Worrying About Armchair Philosophy

Lately I have been wondering whether I ought to have ideas or opinions at all.

Source: Ashley Van Haeften at flic.kr/p/qHdSBt.

Source: Ashley Van Haeften at flic.kr/p/qHdSBt.

In the winter and early spring of this year, I was reading excerpts from existentialist philosophy—works like Kierkegaard’s Fear and Trembling, Nietzsche’s Genealogy of Morals, and Simone de Beauvoir’s The Ethics of Ambiguity. The experience was illuminating, or perhaps the opposite: I had managed to convince myself that I knew something about Continental philosophy, and as I was reading that whole edifice has come crashing down. I was chastened. I realized I had not only been ignorant, I had also been flatly incorrect about, for instance, Sartre’s views on morality. There is a cognitive bias called the Dunning-Kruger effect in which people who aren’t good at a task tend to believe they are good at it while people who are good at a task tend to believe that they aren’t good at it. I learned that this cognitive bias is true by learning I had been victim to it. I thought I knew philosophy exactly because I did not.

Of course I was reading in the original for the first time what I had only read commentary about before, and I shouldn’t underestimate the importance that makes. But still I realized that I was a novice, an amateur, a baby of philosophy. And, by extension, I began to suspect that I was an amateur, really, for any knowledge domain that I had formerly felt I had any mastery in. If I say that I am an armchair philosopher, know that I do not just refer to the tradition of Western philosophy, as understood by university philosophy departments. By “philosophy” I also mean psychology, anthropology, sociology, theology, history, critical theory, and all of aesthetics. I mean anything that handles questions about what it means to be human; how we, in our particularity, conduct ourselves in the world and how we ought to conduct ourselves; what knowledge is and how one can best pursue it; the nature of truth—should such a thing exist—and the human relationship with it. When it comes to all of this, I once thought I knew a few things; now I realize that I know nothing.

Before this crisis I had been entirely comfortable with the thought that I know nothing for sure. There are many ways into this realization—postmodernism, fallibilism, and certain mysticisms, as three examples—and I’ve been interested for a little while now in personal epistemology (which examines and understands people’s beliefs about knowledge) and how to manage the final stage. But I’m at the point now where I feel so far behind that I don’t know what to do.

I need to recognize that I am unlikely to discover the best currently possible answers to these questions myself. There are experts who have produced better answers than I have or likely will. Ideally, then, my goal is to find these experts and submit to their ideas. The problem is that there are many experts and most of them are mutually exclusive. My goal would then be to distinguish which among them are most correct and which are not, and act accordingly. But, alas, the very reasons why I must turn to experts are the very reasons why I cannot determine which are the most correct.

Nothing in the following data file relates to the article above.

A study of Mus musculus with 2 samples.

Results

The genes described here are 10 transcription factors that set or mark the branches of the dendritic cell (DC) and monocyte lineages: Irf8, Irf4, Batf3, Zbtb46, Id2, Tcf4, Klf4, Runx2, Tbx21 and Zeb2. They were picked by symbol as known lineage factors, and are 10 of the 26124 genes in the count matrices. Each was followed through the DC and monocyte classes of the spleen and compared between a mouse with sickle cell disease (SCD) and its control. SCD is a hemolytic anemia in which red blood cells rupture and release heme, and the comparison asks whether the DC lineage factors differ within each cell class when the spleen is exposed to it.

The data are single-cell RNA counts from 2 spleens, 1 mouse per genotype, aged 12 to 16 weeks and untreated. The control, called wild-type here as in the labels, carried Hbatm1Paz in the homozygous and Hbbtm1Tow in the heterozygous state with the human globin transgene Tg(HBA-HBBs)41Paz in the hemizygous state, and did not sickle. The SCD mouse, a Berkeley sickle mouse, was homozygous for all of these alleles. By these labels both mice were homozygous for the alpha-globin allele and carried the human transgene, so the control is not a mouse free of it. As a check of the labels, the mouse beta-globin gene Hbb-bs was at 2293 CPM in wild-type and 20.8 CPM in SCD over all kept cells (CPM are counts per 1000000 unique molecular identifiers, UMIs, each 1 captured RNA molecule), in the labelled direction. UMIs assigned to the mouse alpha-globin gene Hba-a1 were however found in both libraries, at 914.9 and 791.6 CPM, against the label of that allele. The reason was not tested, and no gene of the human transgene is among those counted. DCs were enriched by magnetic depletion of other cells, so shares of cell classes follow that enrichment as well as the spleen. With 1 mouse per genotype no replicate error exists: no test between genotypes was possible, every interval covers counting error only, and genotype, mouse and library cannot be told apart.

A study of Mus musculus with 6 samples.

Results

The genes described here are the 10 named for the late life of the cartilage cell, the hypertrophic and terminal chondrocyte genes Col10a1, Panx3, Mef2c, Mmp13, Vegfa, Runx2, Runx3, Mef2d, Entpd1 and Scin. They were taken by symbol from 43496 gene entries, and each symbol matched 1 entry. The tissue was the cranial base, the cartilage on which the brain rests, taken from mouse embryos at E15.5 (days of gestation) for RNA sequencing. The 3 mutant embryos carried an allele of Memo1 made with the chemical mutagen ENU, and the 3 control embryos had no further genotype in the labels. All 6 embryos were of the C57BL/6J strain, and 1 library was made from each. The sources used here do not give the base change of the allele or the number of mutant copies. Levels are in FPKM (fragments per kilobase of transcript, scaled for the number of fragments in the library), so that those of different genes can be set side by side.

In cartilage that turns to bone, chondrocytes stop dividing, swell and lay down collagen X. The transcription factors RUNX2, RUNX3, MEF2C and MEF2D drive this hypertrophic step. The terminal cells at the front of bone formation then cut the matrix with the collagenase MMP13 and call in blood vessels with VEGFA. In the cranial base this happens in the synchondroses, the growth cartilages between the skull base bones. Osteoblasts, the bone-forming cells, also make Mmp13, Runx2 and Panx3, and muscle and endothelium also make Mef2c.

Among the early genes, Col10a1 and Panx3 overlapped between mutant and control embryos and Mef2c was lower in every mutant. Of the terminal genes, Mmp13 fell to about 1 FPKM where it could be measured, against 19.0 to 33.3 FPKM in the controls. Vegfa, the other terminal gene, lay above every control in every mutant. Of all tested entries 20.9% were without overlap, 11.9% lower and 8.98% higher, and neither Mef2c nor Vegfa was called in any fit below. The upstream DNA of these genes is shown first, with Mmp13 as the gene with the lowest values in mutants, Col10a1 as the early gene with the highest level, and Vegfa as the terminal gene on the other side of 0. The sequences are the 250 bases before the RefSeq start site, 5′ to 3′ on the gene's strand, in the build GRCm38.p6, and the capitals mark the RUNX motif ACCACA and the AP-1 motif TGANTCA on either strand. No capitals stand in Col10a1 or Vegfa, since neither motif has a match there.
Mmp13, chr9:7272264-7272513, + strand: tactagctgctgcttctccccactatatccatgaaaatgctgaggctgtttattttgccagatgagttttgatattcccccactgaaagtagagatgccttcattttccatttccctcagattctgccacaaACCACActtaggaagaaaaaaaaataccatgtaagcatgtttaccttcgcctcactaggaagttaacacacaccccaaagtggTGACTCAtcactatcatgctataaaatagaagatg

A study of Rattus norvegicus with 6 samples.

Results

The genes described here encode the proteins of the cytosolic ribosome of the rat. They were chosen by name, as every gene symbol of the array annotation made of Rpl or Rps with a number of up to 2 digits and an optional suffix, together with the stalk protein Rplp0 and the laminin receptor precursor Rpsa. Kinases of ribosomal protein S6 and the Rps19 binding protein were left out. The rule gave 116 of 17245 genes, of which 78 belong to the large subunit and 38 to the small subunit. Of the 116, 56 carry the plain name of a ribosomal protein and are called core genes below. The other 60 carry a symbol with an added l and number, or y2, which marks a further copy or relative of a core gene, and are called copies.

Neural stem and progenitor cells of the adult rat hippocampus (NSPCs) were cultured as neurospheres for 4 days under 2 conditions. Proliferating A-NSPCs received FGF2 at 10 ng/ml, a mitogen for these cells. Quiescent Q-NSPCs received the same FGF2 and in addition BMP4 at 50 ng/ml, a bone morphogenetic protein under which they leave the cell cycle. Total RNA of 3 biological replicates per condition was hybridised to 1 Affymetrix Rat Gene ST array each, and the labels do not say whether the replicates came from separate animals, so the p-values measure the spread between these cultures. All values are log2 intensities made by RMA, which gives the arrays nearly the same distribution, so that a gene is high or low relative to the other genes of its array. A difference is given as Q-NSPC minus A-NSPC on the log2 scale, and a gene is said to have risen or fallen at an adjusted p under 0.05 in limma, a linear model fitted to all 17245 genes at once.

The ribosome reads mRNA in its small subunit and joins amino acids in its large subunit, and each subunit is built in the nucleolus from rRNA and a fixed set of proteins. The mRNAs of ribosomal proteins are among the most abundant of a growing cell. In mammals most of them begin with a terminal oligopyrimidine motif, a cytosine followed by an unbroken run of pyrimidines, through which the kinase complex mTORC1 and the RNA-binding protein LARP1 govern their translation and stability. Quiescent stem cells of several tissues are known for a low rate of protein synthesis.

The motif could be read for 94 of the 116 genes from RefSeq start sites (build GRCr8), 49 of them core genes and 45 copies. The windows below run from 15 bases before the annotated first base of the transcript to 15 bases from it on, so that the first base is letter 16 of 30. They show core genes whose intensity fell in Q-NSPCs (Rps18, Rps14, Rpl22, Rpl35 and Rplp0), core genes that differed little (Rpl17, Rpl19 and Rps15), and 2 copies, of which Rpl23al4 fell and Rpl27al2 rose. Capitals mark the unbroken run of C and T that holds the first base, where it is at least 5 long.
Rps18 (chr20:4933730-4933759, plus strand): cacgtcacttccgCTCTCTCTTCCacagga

One of the things I had been looking at as a research assistant at UBC is the ways people decide what resources are the highest quality. This is generally an issue with library work: librarians are expected to return high quality resources for their patrons. But quality is not the same as truth. Librarians should be able to find the experts; librarians, as non-experts, cannot adjudicate between competing experts. And what I have learned about cognitive authority and the ways people do determine which expert to believe is that those ways are not, ordinarily, very reliable.* It is always a shot in the dark. Sometimes it is a good shot, but it is only good considering that it is shot in the dark.

My question then is: given all this, why would I write about my ideas in public?

I’ve been updating poorly on this blog because I was not sure I had an answer to that question, but after some thought I think I can offer the following things. Of course, this might all be a delusion born of pride on my part, but nonetheless it is the delusion in which I am currently living.

  1. I may know nothing next to experts, but I also know more about certain things than most people. In fact, there are probably very few truly hierarchical relationships: there are people who know much more than me, generally, and yet I know a few things they do not. Perhaps, then, it is not unreasonable to think that people can learn things from me. If nothing else, I can direct people to experts they might not otherwise find.
  1. I must wrestle with these issues for myself, but this does not mean that I must wrestle with them by myself. In doing that work here, I can offer to other people the work I have done so that they do not have to do all of it themselves. Perhaps this will be more noise than signal, but I hope not.
  1. I can offer to myself the opportunity to be proven wrong. That was the gist of my introduction, of course, but it bears repeating.

None of this is new. I am the sort of person, however, who must justify my decisions to myself in terms of what I offer to others. It is worth my time, if only to myself, to make this explicit and to remember it.


*Cognitive authority refers to that credence or reliability an individual grants to another source concerning its claims in a certain knowledge domain. For instance, when commentaries talk about John Stewart being the only journalist people could trust, they are suggesting that viewers grant John Stewart cognitive authority.